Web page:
Every library has cages or the equivalent.
Take it metaphorically if you wish, but the kind I’m referring to are the cubicle-style basement study rooms you see in academic libraries dating from the 1960s or earlier. I’m sure they were seen as a more private improvement over the ornate, great halls of the Ivy League and the Carnegie libraries where students lined up at hefty tables and read by the light of little green accountant lamps. Cages are private, often secluded in the bowels of a library basement, fortified by the densest stacks and shelves. Some libraries have study carrels instead. My undergrad library’s carrels looked unfortunately like swastikas when placed back-to-back an viewed with a bird’s eye.
The humanities library at my graduate university had dungeon cells painted in green that resembled army lockers– always full during finals. I once fielded an online reference quesiton from a student in one of these “cages” who wanted to let a librarian know–without leaving the safety and convenience of his cage–that some poor sap was vomiting in the bathroom nearby and “making a lot of noise.” What should the helpless patron do? He couldn’t study with all that racket! (I suggested the patron contact a non-virtual librarian at the reference desk in his library if he was worried for the vomiter’s safety. “That’s ok,” he said “It’s just annoying. I think I’ll use headphones.”)
A good library has a place for everyone. The classic librarian adage of “a book for everyone and everyone his book” is now trite. But even in the digital age, people still need a cozy corner to study in. Some prefer windows for dreaming, couches for curling up in like a loyal cat-disciple, or cages for enforced focus and seclusion. The best library furniture I’ve ever seen were the lipstick-colored womb chairs at Oberlin that offered all three Library Secret Space requirements: seclusion, comfort, and a view out the window– depending on how you spun the great ball of a chair.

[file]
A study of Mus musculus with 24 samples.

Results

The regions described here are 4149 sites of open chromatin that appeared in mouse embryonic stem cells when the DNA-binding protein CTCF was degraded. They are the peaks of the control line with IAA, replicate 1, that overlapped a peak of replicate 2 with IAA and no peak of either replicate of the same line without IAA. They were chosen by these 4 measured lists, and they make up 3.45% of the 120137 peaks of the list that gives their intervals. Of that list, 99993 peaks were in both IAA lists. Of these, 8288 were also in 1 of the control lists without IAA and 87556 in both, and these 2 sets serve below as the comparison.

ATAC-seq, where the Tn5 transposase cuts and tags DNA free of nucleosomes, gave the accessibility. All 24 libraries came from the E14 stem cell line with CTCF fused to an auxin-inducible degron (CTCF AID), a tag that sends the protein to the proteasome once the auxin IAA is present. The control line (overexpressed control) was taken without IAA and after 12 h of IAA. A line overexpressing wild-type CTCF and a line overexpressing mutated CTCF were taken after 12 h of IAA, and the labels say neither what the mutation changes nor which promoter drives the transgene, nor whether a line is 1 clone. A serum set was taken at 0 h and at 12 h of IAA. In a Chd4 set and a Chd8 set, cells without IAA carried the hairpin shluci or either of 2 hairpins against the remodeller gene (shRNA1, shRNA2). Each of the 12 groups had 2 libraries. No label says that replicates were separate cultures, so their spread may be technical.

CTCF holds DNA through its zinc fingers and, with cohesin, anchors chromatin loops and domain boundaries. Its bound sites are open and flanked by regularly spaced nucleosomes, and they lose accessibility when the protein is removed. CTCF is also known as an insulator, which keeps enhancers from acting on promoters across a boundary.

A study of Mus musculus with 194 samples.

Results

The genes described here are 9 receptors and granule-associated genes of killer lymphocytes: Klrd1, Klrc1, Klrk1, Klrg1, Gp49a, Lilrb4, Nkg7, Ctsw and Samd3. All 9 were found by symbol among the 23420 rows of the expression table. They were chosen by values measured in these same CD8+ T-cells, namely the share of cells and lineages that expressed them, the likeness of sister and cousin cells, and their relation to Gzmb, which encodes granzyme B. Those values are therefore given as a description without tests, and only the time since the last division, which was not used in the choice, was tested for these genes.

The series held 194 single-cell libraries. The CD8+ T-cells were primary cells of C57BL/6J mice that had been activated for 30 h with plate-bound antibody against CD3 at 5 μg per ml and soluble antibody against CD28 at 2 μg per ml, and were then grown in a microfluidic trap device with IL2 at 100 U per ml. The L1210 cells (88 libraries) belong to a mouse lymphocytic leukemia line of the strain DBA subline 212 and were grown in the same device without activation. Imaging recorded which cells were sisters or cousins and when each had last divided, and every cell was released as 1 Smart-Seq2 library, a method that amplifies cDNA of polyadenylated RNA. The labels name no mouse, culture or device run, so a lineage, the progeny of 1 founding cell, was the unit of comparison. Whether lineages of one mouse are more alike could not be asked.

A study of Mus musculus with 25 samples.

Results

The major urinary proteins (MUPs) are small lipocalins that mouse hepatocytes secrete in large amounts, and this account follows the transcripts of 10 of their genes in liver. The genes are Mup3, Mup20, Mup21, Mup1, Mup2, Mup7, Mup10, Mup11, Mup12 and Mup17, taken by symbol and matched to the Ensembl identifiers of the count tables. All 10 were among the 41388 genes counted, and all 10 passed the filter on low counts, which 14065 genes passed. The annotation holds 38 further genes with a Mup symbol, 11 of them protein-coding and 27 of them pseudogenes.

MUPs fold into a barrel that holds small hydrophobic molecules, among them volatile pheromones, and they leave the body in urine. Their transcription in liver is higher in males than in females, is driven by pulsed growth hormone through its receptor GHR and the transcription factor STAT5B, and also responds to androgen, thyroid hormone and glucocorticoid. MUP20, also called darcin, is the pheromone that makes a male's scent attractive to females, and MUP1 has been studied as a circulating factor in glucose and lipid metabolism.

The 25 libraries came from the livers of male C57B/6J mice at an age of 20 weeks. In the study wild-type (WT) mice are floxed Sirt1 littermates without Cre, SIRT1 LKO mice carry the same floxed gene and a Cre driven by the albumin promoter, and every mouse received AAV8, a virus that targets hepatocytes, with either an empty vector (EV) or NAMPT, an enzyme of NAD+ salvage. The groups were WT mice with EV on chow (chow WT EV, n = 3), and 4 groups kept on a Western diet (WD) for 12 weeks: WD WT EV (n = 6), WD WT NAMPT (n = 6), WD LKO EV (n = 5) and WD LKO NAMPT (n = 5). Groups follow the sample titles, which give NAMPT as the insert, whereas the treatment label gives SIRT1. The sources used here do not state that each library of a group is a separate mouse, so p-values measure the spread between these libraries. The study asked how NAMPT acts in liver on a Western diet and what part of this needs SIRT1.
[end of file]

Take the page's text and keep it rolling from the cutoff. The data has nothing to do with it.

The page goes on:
Now what I like best is coming upon a study space and reading the tracks left behind by the studier. Graffiti is my favorite. As long as it’s not defacing a book, I –scandal and heresy!– don’t mind graffiti. At institutes of higher learning traces of brilliance, frustration, humor, and empathy are visible on bathroom walls and under study tables. Yes there is immaturity– penis sketches, phone numbers “for a good time”–but other students rarely let those stand without a wry comment scrawled below. I’ve seen philosophical dialog about the existence of god or true love written on the ladies’ room walls. I’ve seen suicide prevention in the stacks. I’ve seen, like today, a bucket list of things to do before death or marriage.
Best of all, I love seeing the unshelved books my patrons leave behind. Today for instance, I found a graffiti-covered cage in a far back corner. The cages here are white with bluish doors. “Perfect” for defacing yet not as dark and deathly as the name “cage” implies. There is indeed a little window of chickenfence facing out towards the B section (B821.M34 to B1649.R91 to be exact: Philosophy). On the desk in this room were three books plus a Nutcracker program and a Spring 2011 Course Catalog. Graffiti includes: “Think good thoughts!” and “What do you want to do before you die?” with responses in 14 different hands. People wanted to “enjoy life without pressures,” “apologize to dad,” “feel content,” and “live beyond this system.” The books, which I will reshelve, include: the New Cassell’s French-English Dictionary (1965), Ansel Adams “The National Parks” (2010), and a bound copy of The New Yorker, November-December, Volume 38 (1962). I might have studied here myself in a different space-time continuum.
A beautiful redhead in a little yellow shrug jacket adjusts her cat-eye glasses as four suits fawn over her. She looks just like Joan with her sultry smile, as if Joan were pretending to be Peggy. The caption reads:
“She has a way with glasses.
Wears them with dash. Fills them with dazzle…
Now what did they say about girls who wear glasses never having any fun?”
Oh the changing winds of 1962 where even a bespectacled woman could be Jackie Kennedy if she just knew how to make the dryest Seagram’s Gin martini!
It warms the cockles of my own bespectacled heart, makes me grateful that glasses have never been an obstacle to beauty in my generation, and makes me love my library and the patron who left these books here for me to find. I should be angry and reshelve them without a second thought. I should sponge away the erroneous phone numbers and final exam prayers scribbled on the walls of this cage. But to me, this is why we have academic libraries– to give students in a vulnerable and heady episode in their lives a place to pretend to be alone, a place to reflect on French, Ansel Adams’ WPA photography, 1960s advertising, and reconnecting with home and their father. Students still find a refuge in the library, and librarians still make a show of reshelving abandoned books and erasing defamation of library property. But some of us are doing so in sympathy, like Tom and Jerry or Elmer and Bugs. We know our role well. Yet, secretly, we live for stopping by all the cages in the library and finding proof we’re not the only ones who have a way with glasses.